Let’s go back to the question of “Just or Unjust” in regard to the War in Iraq. My initial response was that I could buy that the war is “just,” depending upon the conditions given, but that I don’t believe the standards given by the Bush Administration warrant Just War application.
The real question is whether the 1991 war was “just,” and I am still tabling that discussion for another time. I tend to agree, barring further evidence I’m unaware of, that it was.
Nevertheless, here’s the question: can an action be unjustified by its motives? Do the means justify the ends?
That is to say, can you do a good thing with a bad motive?
Here’s an example: Timothy McVeigh. If the death penalty is only justified for societal self-defense and not for “revenge,” and you’ve got a criminal who could still pose a danger to society from prison, and it *would* be just to execute him, is the justice of the execution undone by the fact that it’s carried out in a bloodthirsty desire for revenge?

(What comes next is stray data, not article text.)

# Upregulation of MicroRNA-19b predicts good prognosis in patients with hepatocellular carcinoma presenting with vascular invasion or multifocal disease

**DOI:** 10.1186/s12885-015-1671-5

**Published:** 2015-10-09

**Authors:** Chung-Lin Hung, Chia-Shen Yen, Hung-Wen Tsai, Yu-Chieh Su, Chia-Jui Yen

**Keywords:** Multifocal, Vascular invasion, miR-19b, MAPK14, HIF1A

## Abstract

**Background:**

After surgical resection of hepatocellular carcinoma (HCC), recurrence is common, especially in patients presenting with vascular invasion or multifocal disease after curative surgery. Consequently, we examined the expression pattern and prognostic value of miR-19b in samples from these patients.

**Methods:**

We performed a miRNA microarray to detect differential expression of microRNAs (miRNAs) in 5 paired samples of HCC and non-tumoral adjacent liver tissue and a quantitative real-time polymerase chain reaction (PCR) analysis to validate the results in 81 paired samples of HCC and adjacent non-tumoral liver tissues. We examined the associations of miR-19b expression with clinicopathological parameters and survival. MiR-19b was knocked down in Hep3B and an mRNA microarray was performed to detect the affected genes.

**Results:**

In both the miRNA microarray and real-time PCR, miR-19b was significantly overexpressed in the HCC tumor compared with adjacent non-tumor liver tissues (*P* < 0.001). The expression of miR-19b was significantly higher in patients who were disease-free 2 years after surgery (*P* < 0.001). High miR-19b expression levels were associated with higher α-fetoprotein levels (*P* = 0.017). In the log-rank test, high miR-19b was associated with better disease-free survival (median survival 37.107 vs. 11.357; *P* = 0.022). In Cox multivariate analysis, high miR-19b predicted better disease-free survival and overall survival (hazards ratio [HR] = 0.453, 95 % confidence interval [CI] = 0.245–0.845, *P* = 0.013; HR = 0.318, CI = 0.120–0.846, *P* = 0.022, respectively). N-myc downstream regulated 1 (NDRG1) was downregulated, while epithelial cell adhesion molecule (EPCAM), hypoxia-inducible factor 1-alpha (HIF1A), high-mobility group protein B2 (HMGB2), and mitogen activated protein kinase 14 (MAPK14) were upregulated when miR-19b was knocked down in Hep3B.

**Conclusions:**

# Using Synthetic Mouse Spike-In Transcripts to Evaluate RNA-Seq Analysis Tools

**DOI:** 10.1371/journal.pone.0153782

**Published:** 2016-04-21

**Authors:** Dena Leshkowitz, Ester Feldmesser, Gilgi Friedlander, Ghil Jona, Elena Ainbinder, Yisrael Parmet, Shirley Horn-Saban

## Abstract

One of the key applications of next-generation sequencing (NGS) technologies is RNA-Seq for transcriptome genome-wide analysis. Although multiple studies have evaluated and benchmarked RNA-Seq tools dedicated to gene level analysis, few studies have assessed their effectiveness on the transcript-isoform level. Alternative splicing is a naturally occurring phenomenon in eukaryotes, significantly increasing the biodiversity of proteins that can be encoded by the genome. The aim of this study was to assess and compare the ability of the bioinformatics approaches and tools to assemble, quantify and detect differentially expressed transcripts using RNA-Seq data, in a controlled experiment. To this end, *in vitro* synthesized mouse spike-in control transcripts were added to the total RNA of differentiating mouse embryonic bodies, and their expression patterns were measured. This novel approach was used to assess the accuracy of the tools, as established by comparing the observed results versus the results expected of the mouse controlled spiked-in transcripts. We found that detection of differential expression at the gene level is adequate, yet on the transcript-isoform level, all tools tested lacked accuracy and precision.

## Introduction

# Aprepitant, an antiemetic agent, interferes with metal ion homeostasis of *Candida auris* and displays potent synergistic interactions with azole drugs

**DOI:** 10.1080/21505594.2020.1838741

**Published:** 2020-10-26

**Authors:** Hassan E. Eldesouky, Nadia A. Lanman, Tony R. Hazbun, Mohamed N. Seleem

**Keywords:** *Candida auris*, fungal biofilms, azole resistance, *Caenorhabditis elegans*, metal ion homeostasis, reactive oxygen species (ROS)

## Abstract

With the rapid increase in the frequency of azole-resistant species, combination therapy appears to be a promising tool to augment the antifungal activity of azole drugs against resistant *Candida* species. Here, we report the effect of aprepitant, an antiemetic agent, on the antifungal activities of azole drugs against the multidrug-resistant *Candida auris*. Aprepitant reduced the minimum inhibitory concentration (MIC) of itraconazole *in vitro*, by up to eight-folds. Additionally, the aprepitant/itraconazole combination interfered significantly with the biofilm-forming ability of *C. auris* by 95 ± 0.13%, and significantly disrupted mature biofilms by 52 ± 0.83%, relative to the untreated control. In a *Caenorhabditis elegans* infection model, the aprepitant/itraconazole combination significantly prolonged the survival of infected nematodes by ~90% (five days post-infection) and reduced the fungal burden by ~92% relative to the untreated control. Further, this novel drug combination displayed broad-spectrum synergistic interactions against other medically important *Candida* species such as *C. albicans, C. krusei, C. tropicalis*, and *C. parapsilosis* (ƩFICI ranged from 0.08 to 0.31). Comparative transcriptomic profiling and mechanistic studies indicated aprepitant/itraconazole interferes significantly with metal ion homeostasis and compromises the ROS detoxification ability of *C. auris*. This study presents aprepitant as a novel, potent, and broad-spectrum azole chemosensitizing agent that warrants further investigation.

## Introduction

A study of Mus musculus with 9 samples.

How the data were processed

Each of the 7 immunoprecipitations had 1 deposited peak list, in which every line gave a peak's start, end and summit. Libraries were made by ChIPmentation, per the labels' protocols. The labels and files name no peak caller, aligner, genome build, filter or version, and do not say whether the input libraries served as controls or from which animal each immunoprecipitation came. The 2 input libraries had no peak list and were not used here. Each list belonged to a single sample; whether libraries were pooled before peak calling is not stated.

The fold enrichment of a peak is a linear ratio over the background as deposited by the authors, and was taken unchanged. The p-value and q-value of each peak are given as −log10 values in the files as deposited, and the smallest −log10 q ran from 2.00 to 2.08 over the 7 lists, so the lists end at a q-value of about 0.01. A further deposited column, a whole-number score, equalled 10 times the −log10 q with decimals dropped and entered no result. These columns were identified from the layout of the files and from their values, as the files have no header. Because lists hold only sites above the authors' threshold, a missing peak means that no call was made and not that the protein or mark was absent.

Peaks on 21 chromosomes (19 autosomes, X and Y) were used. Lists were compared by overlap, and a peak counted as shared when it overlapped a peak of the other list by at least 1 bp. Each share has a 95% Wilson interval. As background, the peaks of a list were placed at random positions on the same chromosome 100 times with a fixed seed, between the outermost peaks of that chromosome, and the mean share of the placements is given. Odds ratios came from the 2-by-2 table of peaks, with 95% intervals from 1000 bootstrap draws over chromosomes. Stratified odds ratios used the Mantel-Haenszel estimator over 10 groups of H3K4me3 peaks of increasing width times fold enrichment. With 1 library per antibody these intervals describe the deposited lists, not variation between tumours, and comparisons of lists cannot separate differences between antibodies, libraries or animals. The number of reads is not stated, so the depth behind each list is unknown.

If the Crusades were just interventions to help the Christians suffering under Muslim tyranny, was their justice undermined by the unjust motivations of many crusaders?
Some have argued that Jesus’ admonition “Let he who is without sin cast the first stone” (John 8:7) is not so much a renunciation of Old Testament recourse to capital punishmnet as another case of Jesus making the Law stricter, like with His explicit teachings on the Ten Commandments.
Were George W. Bush and his advisors using sound judgement in going to war aganist Iraq ? Even if the overthrow of Saddam Hussein was potentially justified, did they make a wise and just decision?
Or did the obvious motives of revenge negate the potential justice of the cause? Further, what *were* Bush’s real motives? Can we know?